The controversial Republican presidential hopeful, real estate magnate Donald Trump, in a short visit to the South Texas border city of Laredo on Thursday insisted on the need for a wall, albeit only along "certain sections" of the lengthy U.S.-Mexican frontier.
Prior to his visit, there had been much anticipation over what the outspoken tycoon might say when he set foot in Laredo, where 95.6 percent of the population is Hispanic, particularly after his recent controversial comments on immigration, Mexico and Mexican migrants.
However, Trump merely repeated in a softer tone what he had already stated: that Mexico is sending its criminals to the United States and that it is necessary to build a wall separating the two nations to keep out illegal migrants.
A wall along the border would save the country a great deal of money, said Trump, who is leading the pack of Republican presidential hopefuls with 24 percent, according to the latest polls.
The candidate was invited to Laredo by a Border Patrol union, which at the last minute withdrew its invitation due to discrepancies with the organization's national leadership, but Trump decided to visit the city anyway, despite the disagreement.
Trump's campaign made a statement saying that the union had withdrawn its offer because its leaders "were totally silenced directly from superiors in Washington who do not want people to know how bad it is on the border - every bit as bad as Mr. Trump has been saying."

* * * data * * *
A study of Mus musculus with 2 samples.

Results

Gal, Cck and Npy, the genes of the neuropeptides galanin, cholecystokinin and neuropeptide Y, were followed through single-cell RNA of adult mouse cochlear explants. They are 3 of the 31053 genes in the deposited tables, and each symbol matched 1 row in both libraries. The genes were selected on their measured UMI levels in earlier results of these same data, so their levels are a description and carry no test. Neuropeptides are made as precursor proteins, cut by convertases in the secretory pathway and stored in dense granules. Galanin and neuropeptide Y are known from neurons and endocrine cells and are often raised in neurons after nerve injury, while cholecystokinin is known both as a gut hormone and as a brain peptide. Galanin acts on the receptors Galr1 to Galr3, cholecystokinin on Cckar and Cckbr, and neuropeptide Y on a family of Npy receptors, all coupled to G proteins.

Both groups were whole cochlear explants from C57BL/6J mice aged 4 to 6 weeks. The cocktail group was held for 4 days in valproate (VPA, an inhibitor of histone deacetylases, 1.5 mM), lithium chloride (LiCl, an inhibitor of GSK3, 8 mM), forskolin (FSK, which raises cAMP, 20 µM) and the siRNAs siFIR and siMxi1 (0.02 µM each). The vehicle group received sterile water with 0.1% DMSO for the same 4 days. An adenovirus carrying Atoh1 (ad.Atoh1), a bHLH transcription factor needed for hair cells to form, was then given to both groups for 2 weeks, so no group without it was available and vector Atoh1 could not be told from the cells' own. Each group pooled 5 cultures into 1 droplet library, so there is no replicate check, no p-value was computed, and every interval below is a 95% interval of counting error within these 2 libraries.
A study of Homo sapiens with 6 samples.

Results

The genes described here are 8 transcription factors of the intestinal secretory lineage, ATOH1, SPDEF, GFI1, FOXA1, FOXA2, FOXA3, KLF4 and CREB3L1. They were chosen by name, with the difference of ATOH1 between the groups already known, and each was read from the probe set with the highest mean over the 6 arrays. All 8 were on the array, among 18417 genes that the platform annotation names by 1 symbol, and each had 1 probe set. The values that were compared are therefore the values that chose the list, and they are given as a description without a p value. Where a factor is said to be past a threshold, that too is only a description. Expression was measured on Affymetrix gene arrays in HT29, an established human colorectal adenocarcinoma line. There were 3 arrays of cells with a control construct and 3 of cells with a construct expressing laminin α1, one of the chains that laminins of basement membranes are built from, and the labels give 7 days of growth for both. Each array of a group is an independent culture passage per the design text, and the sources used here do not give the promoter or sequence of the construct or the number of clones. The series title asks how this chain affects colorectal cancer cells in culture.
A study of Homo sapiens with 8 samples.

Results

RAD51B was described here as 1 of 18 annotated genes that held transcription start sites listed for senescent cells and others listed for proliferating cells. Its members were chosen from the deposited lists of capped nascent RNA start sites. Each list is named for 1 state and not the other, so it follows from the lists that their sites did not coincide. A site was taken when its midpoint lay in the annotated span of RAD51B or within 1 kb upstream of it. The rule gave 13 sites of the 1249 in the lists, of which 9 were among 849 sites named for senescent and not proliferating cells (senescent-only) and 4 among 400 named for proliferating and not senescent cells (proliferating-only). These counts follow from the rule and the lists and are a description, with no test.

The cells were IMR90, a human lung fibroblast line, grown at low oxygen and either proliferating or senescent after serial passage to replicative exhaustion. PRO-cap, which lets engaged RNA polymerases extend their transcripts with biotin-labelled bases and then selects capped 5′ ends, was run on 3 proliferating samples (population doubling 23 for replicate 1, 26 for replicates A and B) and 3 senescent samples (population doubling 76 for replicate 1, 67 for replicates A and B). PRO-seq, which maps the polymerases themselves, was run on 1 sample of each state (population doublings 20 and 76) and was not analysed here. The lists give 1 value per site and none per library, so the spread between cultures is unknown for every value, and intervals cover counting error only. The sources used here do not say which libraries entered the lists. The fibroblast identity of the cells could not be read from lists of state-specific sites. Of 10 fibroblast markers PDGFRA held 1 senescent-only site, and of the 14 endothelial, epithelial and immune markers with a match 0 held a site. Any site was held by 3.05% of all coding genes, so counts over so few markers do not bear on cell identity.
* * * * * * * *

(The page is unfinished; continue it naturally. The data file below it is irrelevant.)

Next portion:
"They are being silenced, and are very unhappy about it, as told directly to Mr. Trump," the campaign added.
Trump, meanwhile, visited the bridge over the Rio Grande instead of accompanying Border Patrol agents on a tour of border facilities, as had been originally scheduled.
At a press conference, the magnate said once again - just as he had in his campaign announcement speech on June 16 - that many Mexican immigrants are "drug traffickers" and "rapists."
He did not offer any details about how he intends to deal with the overall problem of illegal immigration, although he said it constitutes a "great danger" to the country.
Wearing a white baseball cap saying "Make America Great Again," Trump - at the press conference - said that he felt warmly welcomed in the city by Democratic Laredo Mayor Pete Saenz, and others, and did not hear anybody protesting his presence.
"I think I will win the Hispanic vote," Trump declared. "I employ thousands and thousands of Hispanics. I love the people. They're great workers. They're fantastic people and they want legal immigration."
Trump's apparent confidence in appealing to Latinos at the polls, or at least in the voter surveys, comes after a recent Univision survey found that 79 percent of the Latino community disapproves of him and his comments.
The magnate also said on his two-and-a-half-hour visit to Laredo that he is a Republican and hopes to run as a member of that party, although he did not rule out running an independent campaign for president.